Benefits of Electric Vehicles
Why electric vehicles? For all kinds of reasons, from financial to environmental. Jump to each section below to find out more.
Saving you money, Tax credits and incentives, Better for the environment, Energy independence Future benefits saving you money because they use electricity for all or part of their power, electric vehicles are less costly to run. With a pure battery EV, you can save up to 75 percent per year on a fuel versus a gas-powered car. Charge up at night and save even more with our Time of Use rate.
Battery electric vehicles also benefit from not having a transmission or combustion engine — eliminating oil changes, fuel filters, emissions testing and other costly maintenance. A simplified drive train and braking system means greater reliability and fewer potential repairs, too.
An electric vehicle’s most expensive maintenance item is likely to be the battery, which has a limited lifespan. Unless this changes, every electric vehicle will eventually need a new battery pack, but not necessarily by the first owner. While the cost of batteries varies, it will likely be several thousand dollars.
However, rapid developments in battery technology are expected to extend battery life and lower costs. And people are already driving today’s battery packs much farther — as much as double the listed lifespan — than previously expected. Finally, vehicle manufacturers also may offer battery leasing and/or lengthy battery warranties that will enhance the cost-effectiveness of electric vehicles.
Tax credits and incentives
The IRS allows a tax credit for qualified battery-electric vehicles of between $2500 and $7500, depending on the vehicle type. A similar credit is available for two or three-wheeled and low-speed electric vehicles. To claim the credit, complete IRS Form 8834 (PDF) and attach it to your Form 1040.
The State of Oregon no longer allows tax credits for alternative fueled vehicles but does offer a tax credit for charging equipment.
Better for the environment
About one-third of the nation’s greenhouse gas emissions come from transportation — and 60 percent of that is from personal vehicle use.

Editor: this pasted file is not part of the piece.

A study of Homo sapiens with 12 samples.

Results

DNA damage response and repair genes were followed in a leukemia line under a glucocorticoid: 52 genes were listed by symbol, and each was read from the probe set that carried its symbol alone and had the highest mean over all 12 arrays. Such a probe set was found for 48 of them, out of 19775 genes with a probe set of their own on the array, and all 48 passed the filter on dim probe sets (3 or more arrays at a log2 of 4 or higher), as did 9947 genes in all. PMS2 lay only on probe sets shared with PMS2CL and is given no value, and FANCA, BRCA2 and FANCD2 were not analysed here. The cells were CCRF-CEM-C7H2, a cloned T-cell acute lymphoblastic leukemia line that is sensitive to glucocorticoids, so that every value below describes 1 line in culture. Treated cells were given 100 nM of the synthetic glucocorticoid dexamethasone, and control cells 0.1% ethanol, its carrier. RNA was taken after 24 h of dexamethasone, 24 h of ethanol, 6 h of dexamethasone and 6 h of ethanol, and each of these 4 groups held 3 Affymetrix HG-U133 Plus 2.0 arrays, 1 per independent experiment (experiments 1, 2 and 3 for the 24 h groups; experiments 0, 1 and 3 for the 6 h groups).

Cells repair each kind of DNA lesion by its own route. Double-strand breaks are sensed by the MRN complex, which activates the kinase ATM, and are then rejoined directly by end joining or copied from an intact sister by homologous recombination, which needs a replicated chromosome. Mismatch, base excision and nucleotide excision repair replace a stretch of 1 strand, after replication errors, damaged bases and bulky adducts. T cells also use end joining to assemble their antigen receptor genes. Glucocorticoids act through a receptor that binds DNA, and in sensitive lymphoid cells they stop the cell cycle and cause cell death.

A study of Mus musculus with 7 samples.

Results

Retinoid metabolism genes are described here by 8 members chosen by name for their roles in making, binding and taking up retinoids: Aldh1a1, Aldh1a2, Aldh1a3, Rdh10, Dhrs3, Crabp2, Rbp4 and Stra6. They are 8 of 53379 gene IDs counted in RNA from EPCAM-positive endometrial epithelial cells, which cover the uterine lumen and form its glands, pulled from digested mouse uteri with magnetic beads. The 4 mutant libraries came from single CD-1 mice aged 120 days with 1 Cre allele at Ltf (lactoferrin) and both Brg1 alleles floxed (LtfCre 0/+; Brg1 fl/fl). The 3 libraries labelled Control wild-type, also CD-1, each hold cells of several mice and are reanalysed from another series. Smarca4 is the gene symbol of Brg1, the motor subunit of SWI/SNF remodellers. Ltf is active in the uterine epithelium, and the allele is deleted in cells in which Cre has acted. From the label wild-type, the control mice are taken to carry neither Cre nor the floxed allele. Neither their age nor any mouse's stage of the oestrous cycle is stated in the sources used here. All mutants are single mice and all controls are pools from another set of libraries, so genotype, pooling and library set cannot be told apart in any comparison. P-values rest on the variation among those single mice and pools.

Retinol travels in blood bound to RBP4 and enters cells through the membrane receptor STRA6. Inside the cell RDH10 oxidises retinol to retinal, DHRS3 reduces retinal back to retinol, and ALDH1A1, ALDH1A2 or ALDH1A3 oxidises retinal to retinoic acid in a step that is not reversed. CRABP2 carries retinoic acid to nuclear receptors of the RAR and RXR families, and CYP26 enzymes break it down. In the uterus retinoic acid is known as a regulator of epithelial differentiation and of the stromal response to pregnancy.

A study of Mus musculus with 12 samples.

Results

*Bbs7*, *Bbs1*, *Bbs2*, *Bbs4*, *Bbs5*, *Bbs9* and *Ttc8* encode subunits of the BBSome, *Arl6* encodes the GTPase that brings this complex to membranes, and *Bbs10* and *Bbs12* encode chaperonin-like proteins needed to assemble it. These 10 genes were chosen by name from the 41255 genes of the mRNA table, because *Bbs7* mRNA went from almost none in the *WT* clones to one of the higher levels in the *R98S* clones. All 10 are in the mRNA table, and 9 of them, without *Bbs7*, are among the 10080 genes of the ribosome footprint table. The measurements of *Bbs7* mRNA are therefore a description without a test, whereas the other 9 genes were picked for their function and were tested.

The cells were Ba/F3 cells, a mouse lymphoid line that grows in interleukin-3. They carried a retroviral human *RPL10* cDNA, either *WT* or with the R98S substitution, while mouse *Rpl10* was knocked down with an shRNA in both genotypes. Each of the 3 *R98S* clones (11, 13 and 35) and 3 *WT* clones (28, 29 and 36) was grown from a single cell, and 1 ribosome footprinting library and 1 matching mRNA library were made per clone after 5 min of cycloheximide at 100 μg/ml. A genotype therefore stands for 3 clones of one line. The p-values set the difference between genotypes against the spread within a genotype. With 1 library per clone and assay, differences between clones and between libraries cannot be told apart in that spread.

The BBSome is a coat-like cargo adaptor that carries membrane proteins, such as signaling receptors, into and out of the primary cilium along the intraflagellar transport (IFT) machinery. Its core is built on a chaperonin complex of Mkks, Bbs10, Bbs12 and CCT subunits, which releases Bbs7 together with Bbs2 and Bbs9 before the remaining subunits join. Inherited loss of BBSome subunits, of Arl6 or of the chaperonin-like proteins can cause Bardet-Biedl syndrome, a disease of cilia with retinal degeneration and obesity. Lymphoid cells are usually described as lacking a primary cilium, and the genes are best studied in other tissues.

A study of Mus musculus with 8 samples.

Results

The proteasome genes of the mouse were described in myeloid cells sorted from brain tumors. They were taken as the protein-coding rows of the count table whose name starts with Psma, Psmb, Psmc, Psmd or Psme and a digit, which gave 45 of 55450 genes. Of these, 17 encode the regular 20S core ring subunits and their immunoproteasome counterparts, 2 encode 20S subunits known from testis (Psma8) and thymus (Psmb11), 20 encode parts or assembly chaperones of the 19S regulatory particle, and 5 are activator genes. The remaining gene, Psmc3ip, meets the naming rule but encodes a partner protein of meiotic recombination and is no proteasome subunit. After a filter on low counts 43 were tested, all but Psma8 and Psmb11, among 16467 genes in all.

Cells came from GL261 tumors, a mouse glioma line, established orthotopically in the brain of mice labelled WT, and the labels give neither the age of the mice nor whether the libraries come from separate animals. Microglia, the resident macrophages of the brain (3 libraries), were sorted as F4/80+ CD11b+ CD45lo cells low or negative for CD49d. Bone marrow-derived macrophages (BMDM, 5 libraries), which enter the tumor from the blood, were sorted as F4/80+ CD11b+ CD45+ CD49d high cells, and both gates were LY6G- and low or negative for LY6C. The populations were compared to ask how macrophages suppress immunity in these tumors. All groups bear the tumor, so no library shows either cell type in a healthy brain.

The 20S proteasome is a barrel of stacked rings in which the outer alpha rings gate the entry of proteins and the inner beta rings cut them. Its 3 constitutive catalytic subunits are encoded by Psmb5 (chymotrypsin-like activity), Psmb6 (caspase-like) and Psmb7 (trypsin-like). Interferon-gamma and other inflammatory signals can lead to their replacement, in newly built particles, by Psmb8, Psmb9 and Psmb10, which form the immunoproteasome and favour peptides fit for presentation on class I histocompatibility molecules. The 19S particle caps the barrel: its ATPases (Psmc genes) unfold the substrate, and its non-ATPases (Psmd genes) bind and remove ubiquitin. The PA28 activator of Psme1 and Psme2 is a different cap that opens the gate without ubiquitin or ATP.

Electric vehicles significantly reduce carbon emissions, even when using electricity generated primarily from coal. In the Northwest, our generation mix relies less on coal and more on a variety of sources. And by pairing an electric vehicle with one of PGE’s renewable power programs, you can reduce your environmental footprint even more. Electric vehicles also:
Help the nation transition to renewable energy. Reduce use of oil. Transmission fluid and other hazardous fluids. Cut noise pollution
The Union of Concerned Scientist’s report “State of Charge” (PDF) shows that you would need to purchase a gasoline vehicle getting at least 73 miles per gallon to get global warming emissions as low as an electric vehicle powered from the grid in the Northwest. This number includes the production and fuel transportation emissions as well (a well-to-wheels comparison.) If you are using renewable power, the equivalent MPG would need to be 500 mpg for Solar and 3,900 mpg for wind to match EVs’ green benefits. http://oregon.gov/ENERGY/CONS/pages/RES/RETC.aspx” target=”_blank”>tax credit for charging equipment
When we keep our energy dollars here, we keep jobs here. Electric vehicles and charging stations are good for Oregon’s economy.
Oregon doesn’t have any producing oil wells. When you fill up with gasoline, much of the money you pay leaves our state, and keeps going right out of our country. Electricity can transmitted over long distances, but most of what we use is made locally. So your fuel dollars can stay a lot closer to home when you charge up your car with electricity.
When connected to the “smart grid” of the future, electric batteries have the potential to benefit both consumers and the overall electrical grid. By feeding electricity back to the grid during peak demand, electric vehicles could help keep overall electricity costs lower by reducing the need for PGE to build supplemental power sources. Your charged vehicle could also potentially serve as an emergency generator for your home or business in the event of an outage.
Used batteries are another powerful source of energy for the community. Once their useful life in a vehicle ends, batteries still have some usefulness in them. When combined, these batteries can take on a second life as an uninterrupted power supply for PGE customers during an outage. They can also be used to store renewable power and reduce the impacts of intermittent wind, for example.
For more about the potential benefits of electric vehicles, and a primer on how they work, visit EV World.